Style of the Times: Timepieces Over the Decades

Ever since Peter Henlein arguably created the first watch in the 15th century, the process of making watches has fascinated many people. The first watches that were created were mainly ornamental pieces as they kept very inaccurate time. It was not until the start of the 20th century when American railroad masters demanded accurate timepieces that the industry started making advancements in wristwatches. From the turn of the century through the 1980s, more advances were made in watches than at any other time.


Most men used pocket watches in 1900s to keep track of the time. As the American Industrial Revolution took hold, manufacturers figured out how to take pocket watches and put them on bands by simply attaching steel lugs on the ends of the most popular models. Soon, however, the first mechanical wristwatches were being created because the thousands of tiny pieces required to make a watch could easily be made in American factories.


As the Art Deco movement took hold in America, many people started to wear fashion jewelry. Unlike previous times, wristwatches were coming into their own with intricate styles based on simple geometric shapes like squares and rectangles. The industry was also progressing with the development of the first water-resistant watches and the first self-winding mechanical watches.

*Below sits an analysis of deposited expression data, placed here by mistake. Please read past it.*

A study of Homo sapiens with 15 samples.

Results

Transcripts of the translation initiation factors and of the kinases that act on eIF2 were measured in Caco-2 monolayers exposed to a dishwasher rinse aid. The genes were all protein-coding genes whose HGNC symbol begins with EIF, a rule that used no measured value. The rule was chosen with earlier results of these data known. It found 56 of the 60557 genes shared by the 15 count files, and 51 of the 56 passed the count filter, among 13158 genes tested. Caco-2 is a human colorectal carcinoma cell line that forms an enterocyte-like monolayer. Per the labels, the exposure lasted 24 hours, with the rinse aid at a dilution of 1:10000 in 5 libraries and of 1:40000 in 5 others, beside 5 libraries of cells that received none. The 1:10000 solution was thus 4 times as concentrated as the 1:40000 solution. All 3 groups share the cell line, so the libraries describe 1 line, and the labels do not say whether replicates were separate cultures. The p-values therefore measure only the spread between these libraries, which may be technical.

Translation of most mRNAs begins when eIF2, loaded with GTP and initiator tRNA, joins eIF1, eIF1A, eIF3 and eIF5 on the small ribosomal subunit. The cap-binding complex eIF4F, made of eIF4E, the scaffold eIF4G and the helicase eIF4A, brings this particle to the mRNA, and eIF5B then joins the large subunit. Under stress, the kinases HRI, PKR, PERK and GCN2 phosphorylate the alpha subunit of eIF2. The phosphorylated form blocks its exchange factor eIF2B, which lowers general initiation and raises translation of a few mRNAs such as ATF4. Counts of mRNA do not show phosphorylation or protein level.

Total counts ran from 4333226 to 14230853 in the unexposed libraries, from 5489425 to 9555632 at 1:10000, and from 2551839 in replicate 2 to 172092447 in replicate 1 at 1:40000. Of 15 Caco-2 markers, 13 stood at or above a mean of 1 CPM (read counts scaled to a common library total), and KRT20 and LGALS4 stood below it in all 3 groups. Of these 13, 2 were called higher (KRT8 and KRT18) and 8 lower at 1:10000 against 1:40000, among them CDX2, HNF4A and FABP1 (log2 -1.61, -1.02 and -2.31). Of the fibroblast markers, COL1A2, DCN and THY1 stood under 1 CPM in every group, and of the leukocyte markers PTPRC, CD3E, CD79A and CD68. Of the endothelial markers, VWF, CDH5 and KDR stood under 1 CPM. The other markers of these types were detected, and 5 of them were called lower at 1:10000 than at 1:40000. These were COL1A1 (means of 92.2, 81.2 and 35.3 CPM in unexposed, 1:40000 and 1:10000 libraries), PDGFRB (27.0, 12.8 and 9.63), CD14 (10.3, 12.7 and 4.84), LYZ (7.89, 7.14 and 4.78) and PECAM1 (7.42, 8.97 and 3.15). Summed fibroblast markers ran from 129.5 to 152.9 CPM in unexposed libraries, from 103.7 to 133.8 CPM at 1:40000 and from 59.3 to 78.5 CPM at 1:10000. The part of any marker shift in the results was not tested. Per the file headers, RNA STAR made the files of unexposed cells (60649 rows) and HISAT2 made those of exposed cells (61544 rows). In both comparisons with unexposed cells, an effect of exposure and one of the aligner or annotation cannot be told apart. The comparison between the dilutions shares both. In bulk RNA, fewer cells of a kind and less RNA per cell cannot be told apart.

As the World Wars ravaged, watches from the 1940s and 1950s were often made with steel components for servicemen who proudly wore their watches home after the battles. While the beginning of the 20th century had seen most watches made in America with Swiss makers going out of vogue, the wars allowed Switzerland to gain new footing because they were able to stay neutral throughout the wars making watches for both sides. The accuracy of timepieces greatly increased during these two decades.


The quartz crisis raised its ugly head during the 1960s, as Switzerland manufacturers could not keep up with the accuracy of a quartz watch and refused to reform their manufacturing techniques. Discriminating buyers started buying battery-powered quartz watches as a fashion statement.


As the world rolled into the luxury of the 1980s with everyone making a lot of money, mechanical watches were once again popular as a luxury item. Most buyers had a quartz watch that they wore everyday. The amount of available wealth also gave rise to the hobby of collecting mechanical watches.

Today, a watch is a luxury item because most people rely on their smartphones to give them the time. These watches with elaborate details are a fun way to add beauty to almost any outfit.